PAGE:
Minister 'deeply disturbed' by consultant's claim to $1.3M in housing deal with First Nation
Chief Matthew Keewaykapow denies consultant Gerald Paulin was responsible for securing emergency federal cash
Indigenous Services Minister Seamus O'Regan says every penny of the $12.8 million meant to rebuild and renovate dilapidated and mould-infested homes in Cat Lake First Nation will go toward housing in the community, not to a consultant who claims he's owed a 10 per cent fee.
O'Regan said he's "deeply disturbed" by reports that Gerald Paulin is demanding the northern Ontario community pay him $1.2 million for his role in helping to secure emergency housing money from the federal government for the remote community in northwestern Ontario.
"Housing money will go to housing," O'Regan said in question period Friday morning. "It is as simple as that. Housing money goes to housing."
The minister was echoing concerns raised by other First Nations leaders, including Cat Lake Chief Matthew Keewaykapow, who, in an earlier written statement, "adamantly" denied that the band has agreed to the payment.
"The idea that Jerry Paulin or any consultant expects to get a million-dollar windfall out of money that we desperately need for houses for Cat Lake families is atrocious," Keewaykapow said in a statement to CBC News on Thursday.
'His claims for this huge payout are demeaning'
"Jerry Paulin knows the desperate state of our housing situation. His claims for this huge payout are demeaning to all the families who are suffering in Cat Lake."
The housing crisis in the community, located 600 kilometres north of Thunder Bay, Ont., caused it to declare a state of emergency in January. An inspection of all 128 homes a month earlier had found that two-thirds should be replaced, due in part to mould in many of the houses.
After weeks of negotiations, band leaders and O'Regan announced in late February that the community would get $12.8 million from the federal government.
Paulin had signed a contract with Cat Lake in November 2017 for 10 per cent of any new funding the community received. He says that entitles him and his company, Windsun Energy Corp., to $1.2 million as a result of the housing deal.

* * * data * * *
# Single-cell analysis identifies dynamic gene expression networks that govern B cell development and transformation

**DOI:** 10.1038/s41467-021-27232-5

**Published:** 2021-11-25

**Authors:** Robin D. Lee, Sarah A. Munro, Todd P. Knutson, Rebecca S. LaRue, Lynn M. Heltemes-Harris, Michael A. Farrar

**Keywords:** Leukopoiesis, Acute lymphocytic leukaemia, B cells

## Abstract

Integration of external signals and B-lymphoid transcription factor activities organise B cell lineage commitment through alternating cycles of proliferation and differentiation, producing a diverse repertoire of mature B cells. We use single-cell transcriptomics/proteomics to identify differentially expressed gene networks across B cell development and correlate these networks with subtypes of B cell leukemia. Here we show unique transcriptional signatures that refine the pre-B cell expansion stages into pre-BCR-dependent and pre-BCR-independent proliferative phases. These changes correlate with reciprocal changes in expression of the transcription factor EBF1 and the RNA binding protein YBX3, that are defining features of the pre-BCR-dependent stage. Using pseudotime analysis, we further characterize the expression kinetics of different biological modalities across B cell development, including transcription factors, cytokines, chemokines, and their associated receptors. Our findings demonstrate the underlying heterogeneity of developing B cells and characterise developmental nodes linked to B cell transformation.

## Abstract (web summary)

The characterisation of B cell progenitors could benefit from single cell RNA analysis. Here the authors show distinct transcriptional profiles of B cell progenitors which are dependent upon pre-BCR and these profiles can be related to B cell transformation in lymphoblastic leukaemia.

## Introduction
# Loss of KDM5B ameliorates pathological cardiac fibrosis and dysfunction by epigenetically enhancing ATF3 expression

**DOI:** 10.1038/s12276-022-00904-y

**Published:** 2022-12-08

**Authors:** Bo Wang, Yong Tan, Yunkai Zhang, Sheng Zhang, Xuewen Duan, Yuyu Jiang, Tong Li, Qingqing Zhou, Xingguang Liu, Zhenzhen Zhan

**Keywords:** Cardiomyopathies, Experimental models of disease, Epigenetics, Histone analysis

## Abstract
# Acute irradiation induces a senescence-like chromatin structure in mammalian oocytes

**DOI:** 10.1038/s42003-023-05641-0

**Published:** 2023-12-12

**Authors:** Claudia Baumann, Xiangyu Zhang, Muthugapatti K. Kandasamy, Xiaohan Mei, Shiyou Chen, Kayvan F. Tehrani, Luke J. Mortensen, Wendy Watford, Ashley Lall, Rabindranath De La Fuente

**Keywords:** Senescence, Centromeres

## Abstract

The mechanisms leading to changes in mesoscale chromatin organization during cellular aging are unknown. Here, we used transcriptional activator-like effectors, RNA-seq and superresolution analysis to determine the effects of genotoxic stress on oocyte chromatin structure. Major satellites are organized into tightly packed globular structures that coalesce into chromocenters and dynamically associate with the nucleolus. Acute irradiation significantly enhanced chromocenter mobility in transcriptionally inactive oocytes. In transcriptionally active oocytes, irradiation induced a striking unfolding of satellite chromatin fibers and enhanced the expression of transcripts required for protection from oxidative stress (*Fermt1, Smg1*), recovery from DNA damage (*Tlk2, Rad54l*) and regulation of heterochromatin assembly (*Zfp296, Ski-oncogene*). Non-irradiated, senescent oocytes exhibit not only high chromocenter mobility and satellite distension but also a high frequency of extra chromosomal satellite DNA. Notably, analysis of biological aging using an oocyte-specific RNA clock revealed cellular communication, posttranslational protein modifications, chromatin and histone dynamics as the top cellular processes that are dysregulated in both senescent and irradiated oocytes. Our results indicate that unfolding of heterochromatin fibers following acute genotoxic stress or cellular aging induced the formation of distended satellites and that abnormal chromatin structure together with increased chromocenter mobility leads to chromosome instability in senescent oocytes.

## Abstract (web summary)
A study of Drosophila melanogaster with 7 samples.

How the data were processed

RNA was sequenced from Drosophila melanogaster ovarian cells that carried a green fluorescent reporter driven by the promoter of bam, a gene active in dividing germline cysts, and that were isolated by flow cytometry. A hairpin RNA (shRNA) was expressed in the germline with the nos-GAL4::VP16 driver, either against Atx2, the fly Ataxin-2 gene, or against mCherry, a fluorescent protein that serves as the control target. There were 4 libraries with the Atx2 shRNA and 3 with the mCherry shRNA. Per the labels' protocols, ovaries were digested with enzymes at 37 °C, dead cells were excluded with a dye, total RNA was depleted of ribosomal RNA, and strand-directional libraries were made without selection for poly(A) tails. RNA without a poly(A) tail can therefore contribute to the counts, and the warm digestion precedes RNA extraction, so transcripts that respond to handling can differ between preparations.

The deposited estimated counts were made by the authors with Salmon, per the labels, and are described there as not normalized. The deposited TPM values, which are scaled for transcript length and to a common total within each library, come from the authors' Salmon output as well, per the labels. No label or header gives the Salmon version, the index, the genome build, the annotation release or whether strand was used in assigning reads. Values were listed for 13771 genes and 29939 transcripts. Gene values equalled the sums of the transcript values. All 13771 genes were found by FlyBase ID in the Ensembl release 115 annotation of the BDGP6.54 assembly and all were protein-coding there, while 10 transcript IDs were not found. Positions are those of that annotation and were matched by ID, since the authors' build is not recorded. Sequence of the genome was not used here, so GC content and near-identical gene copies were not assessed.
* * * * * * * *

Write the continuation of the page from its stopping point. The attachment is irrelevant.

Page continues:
He told CBC News he had no comment on the chief's statement on Thursday.
"I have to study it and I have to make a decision with my lawyers," he said.
Paulin says he was not paid a salary during the 18 months he worked with the First Nation.
He says the band did pay for his travel expenses to Cat Lake from both Thunder Bay and his winter home in Florida, and also reimbursed him more than $200,000 for money he spent out of pocket on items for the community ranging from cellphones to equipment parts.
"Put it this way," he said of his role. "If I had not worked for the last year and a half on this emergency housing, they would still have nothing."
Paulin claims he wouldn't be paid from the emergency funding, but from the band's other sources of revenue.
In his statement, Keewaykapow said the band has not agreed to pay Paulin from the emergency housing funds, but has "proposed options" that are "currently under review." The statement didn't provide any more details.
Keewaykapow also denied that Paulin was responsible for securing the federal money.
"Cat Lake has been working with Canada on our housing-mould issues since 1997, long before this consultant was ever in Cat Lake."
The chief and council say long-term exposure to mould is harming the health of at least 100 residents.
"People in Cat Lake get sick non-stop: coughing, multiple pneumonia incidents, related kidney diseases and increased medical problems," said Deputy Chief Abigail Wesley.
Community leaders blame the crisis on chronic under-funding from Indigenous Services Canada.
The new money includes $5 million to build 15 new homes, $2.1 million to repair and renovate 21 units, and $3.1 million for new prefabricated modular housing units.
'I got it going from Day 1'
Paulin was at the February meeting, but did not attend the closed-door session where final details of the agreement were negotiated.
"I was the lead on the project." he said. "I got it going from Day 1. I worked for 18 months getting that project up and running."
CBC News obtained a copy of Paulin's contract. It was signed by former Cat Lake chief Ernie Wesley. The contract states that Paulin's company, Windsun Energy Corp., "shall receive a consulting fee equal to 10% of all new monies brought into Cat Lake."
In his statement, Keewaykapow said the band ended its relationship with Paulin in February.
According to Paulin, Cat Lake leadership tried to end his contract on Feb. 26, five days after the meeting with O'Regan. He said he received a termination letter dated Feb. 20, the day before the funding agreement was signed. He said Keewaykapow subsequently agreed to pay him $1.2 million over several months.
In question period on Friday, O'Regan said neither Paulin nor Cat Lake signed the agreement with Ottawa in February. Instead, the contract for emergency housing funding was with the Windigo Tribal Council, on behalf of Cat Lake.
The tribal council represents several Indigenous communities in northern Ontario, including Cat Lake.
"It is why we signed an agreement with the community and with Windigo First Nation, and no one else," said O'Regan.
A department official, who spoke to CBC News on background, said Windigo has the technical expertise needed to facilitate the project. The official also said the department had heard concerns from members of the community and "other partners" about the role of consultants in the negotiation.